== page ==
Lewis faculty member discusses El Día de los Muertos

Lewis faculty member discusses El Día de los Muertos

Published: November 9, 2009.

Dr. John Greenwood, professor of psychology at Lewis University, delivered an Oct. 29 presentation on El Día de los Muertos (Day of the Dead), a tradition rooted in Mexican culture. Greenwood emphasized from the beginning that El Día de los Muertos is a celebration of life, in the face of death. He began with an overview of death and the process of grieving, and then explained that celebrating El Día de los Muertos is a way of coping with loss.

Greenwood noted that death creates many emotions, such as anger, guilt, confusion and fear, and shared that many cultures believe in the continuity of life after death. He also suggested that the concept of the spirit and soul is comforting to people. According to Dr. Greenwood, the Mexican culture recognizes that life comes out of death. He said there is the belief that the spirit has power, and therefore it must be loved and respected.

Greenwood compared the way that different cultures deal with death. In America, people tend to grieve for a short period of time because long periods of grieving are seen as a weakness, he said. However, in parts of Mexico, the lives of those who have passed on are formally celebrated immediately through wakes and funerals, and then on an annual basis with El Día de los Muertos.

While discussing El Día de los Muertos, Greenwood acknowledged the significance of “showing respect to cultures different than your own” as they often times have developed more effective ways of handling situations.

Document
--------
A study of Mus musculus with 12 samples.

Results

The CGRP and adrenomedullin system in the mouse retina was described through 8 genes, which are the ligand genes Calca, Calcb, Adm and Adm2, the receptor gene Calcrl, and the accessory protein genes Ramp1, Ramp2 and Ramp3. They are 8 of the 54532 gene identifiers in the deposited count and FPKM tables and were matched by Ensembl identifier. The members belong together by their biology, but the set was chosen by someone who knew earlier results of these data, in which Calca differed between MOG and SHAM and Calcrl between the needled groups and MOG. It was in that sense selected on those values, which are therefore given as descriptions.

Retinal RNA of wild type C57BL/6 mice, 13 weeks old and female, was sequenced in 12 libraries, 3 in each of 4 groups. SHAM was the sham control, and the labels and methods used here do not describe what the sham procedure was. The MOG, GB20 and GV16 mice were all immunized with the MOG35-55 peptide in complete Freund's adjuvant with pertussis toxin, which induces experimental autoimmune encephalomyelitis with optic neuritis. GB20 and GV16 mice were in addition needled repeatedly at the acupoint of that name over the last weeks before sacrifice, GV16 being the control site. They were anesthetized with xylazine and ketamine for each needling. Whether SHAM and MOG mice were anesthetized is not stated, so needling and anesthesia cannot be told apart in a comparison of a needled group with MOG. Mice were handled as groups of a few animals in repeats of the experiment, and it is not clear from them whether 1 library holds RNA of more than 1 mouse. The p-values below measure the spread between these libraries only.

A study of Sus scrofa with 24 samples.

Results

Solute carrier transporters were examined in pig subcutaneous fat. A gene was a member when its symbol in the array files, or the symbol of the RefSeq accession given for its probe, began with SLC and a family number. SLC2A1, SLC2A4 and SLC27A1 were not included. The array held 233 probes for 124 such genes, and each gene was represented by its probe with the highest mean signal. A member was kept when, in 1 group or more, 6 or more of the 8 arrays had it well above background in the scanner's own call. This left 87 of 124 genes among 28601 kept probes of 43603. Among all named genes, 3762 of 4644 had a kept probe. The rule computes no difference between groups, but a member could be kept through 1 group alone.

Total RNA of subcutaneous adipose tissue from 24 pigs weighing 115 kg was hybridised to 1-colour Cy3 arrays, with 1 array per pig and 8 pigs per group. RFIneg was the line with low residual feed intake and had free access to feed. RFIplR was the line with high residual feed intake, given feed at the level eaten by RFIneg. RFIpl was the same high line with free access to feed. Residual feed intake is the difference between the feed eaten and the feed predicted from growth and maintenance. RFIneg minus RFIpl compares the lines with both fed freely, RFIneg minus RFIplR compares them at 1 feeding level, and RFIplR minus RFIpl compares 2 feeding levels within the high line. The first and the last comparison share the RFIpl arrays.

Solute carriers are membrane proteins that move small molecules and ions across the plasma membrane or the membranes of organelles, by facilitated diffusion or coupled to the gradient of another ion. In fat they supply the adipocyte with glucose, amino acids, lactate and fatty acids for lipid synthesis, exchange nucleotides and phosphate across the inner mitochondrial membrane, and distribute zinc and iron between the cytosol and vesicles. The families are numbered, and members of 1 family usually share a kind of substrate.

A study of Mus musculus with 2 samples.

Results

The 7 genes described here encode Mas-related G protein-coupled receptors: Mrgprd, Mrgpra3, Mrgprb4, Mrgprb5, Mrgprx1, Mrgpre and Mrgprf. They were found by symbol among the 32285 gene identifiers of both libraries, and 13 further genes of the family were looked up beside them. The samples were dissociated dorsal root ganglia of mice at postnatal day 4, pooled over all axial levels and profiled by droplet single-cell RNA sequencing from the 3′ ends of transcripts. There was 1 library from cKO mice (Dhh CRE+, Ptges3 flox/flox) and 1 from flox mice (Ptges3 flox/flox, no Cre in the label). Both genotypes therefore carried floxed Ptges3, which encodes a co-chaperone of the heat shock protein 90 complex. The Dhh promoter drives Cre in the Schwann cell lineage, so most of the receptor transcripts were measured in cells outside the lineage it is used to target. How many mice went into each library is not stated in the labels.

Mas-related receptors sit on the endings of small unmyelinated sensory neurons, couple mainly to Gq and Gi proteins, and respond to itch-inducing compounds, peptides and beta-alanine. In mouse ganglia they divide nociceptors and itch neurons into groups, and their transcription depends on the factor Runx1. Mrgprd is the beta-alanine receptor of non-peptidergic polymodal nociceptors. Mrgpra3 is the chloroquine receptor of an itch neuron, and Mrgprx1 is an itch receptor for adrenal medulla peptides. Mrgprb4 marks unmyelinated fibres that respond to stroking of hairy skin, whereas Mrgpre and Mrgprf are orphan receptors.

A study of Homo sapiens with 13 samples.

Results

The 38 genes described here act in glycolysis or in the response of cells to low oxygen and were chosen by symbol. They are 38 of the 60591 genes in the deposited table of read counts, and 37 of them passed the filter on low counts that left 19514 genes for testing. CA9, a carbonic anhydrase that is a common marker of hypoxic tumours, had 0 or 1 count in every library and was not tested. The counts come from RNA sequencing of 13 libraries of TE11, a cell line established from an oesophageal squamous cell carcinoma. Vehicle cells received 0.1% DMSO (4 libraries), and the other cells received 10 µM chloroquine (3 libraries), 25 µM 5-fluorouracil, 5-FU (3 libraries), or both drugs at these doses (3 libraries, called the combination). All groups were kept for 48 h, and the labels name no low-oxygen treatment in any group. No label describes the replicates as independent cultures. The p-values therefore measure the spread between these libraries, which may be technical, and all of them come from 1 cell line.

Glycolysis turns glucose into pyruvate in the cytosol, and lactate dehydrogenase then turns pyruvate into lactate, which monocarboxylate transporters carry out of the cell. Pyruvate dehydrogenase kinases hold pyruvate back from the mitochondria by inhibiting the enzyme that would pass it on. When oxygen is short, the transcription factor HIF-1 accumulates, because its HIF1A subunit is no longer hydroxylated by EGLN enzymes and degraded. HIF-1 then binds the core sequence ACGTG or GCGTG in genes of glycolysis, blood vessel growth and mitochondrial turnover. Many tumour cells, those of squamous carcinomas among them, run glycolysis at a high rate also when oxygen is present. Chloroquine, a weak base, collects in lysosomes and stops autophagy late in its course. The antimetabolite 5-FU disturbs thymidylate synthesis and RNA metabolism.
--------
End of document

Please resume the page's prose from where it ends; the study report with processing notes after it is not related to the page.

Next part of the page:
Throughout his discussion, Greenwood spoke of many traditions done during El Día de los Muertos. One tradition is to eat small candy skulls made of sugar with the names of the deceased on the forehead. Another is to share stories that reflect the life of the entire person, which also brings the group closer. Candles and flowers are part of the celebrations, especially yellow marigolds, as yellow is symbolic of the sun.

His lecture was part of Lewis University’s Art of Memory series. The series is presented by the Lewis University History Center: Urban, Cultural and Catholic History of the Upper Midwest, which supports a biannual symposium. It is also a part of Lewis University’s Arts & Ideas Program, providing cultural and educational programming for students and the community.

A Catholic university sponsored by the De La Salle Christian Brothers, Lewis offers nearly 80 undergraduate majors and programs of study, accelerated degree completion options for working adults, various aviation programs and 22 graduate programs in nine fields. The 10th largest private, not-for-profit university in Illinois is being honored for the sixth consecutive year by The Princeton Review and U.S. News & World Report.